I don't know much about atonal writing, but I did enjoy it. Comparing it with pieces I have heard by Shoenberg and Berg I can agree with Sojar that the rhythms seem more simple than I would expect from an atonal piece. Also I'm worried a little about your timpani part. There are many different notes located close together, some of them chromatic, and I'm not entirely sure how playable it would be. I'm sure it could be pulled off with pedals, but it would probably end up sounding muddy. Just a thought.
In general, you've convinced me that you understand atonality well enough to use it and still create an enjoyable bunch of sounds. A lot of composers (myself included) don't have this skill, so congratulations.
It depends on a few important factors. Namely:
1) The lung capacity and diaphragm control of the player: If you cannot sing the line without running out of breath it is likely the player cannot either.
2) The length of the instrument: Long instruments require more air. It is important to realize that for woodwind instruments changing the pitch is effectively synonymous with changing the length of the instrument, so generally speaking it requires less air to play in the high register (speaker keys make this a little more difficult to estimate). I believe that brass instruments require equal air throughout the overtone series of a given fundamental - at least this is what personal experimentation leads me to believe, I of course cannot reach beyond the first few partials and must admit I do not really know.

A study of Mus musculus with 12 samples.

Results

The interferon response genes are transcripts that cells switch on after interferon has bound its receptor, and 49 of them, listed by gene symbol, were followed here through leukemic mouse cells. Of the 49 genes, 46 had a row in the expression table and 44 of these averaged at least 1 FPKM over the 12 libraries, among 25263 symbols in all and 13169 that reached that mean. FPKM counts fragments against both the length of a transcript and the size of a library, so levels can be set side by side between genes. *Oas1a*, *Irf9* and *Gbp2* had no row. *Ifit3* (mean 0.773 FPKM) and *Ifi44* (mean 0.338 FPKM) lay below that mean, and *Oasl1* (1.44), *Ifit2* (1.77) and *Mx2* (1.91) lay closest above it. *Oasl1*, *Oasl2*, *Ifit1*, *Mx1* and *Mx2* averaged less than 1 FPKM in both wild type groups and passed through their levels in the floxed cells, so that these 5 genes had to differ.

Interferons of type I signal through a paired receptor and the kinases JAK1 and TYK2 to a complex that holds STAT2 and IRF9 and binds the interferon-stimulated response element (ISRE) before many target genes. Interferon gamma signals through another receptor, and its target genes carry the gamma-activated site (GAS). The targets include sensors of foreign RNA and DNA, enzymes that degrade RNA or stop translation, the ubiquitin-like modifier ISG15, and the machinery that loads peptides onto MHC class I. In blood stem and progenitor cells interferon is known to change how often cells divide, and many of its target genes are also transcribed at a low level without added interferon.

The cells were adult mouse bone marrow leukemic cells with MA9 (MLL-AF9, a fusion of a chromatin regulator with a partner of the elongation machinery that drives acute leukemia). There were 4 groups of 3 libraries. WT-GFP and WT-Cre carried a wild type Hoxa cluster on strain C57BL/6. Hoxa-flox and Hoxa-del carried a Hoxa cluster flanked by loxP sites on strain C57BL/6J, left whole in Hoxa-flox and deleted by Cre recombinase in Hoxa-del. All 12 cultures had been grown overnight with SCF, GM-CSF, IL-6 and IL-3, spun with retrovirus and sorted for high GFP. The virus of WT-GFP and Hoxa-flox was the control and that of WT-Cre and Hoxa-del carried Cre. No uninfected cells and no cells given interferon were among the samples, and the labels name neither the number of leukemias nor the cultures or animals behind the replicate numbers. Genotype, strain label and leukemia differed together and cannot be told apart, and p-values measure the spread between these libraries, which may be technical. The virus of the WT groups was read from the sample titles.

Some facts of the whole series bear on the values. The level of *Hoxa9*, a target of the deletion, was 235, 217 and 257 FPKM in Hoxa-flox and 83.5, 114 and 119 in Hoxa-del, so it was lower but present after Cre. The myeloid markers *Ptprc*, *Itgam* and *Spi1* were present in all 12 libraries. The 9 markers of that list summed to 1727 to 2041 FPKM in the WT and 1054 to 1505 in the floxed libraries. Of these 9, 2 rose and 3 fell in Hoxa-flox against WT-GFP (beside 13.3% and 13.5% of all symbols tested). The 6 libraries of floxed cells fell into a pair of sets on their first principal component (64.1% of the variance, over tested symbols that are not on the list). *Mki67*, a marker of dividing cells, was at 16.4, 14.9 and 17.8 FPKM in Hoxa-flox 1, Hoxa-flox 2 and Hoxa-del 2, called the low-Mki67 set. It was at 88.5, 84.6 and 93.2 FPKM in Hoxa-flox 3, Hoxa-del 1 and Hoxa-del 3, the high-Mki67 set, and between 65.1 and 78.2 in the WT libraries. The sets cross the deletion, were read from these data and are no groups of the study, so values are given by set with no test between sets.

3) Air pressure: Conical instruments require more air pressure because they are narrower at the tip. This makes them harder to play but it also means that air enters the instrument more slowly and therefore that they can generally play longer. Oboists for example are very rarely in danger of running out of breath, but rather of running out of oxygen - the air they inhaled becoming saturated with carbon dioxide. IANAD, but I can hold my breath comfortably for 60 seconds, so I would think you can with good conscience write passages that last maybe 30 or max 40 seconds for the oboe. You would however be highly optimistic to hope for a passage half as long from a contrabassoonist.
I hope this helps, somebody correct me if my information is wrong or inaccurate.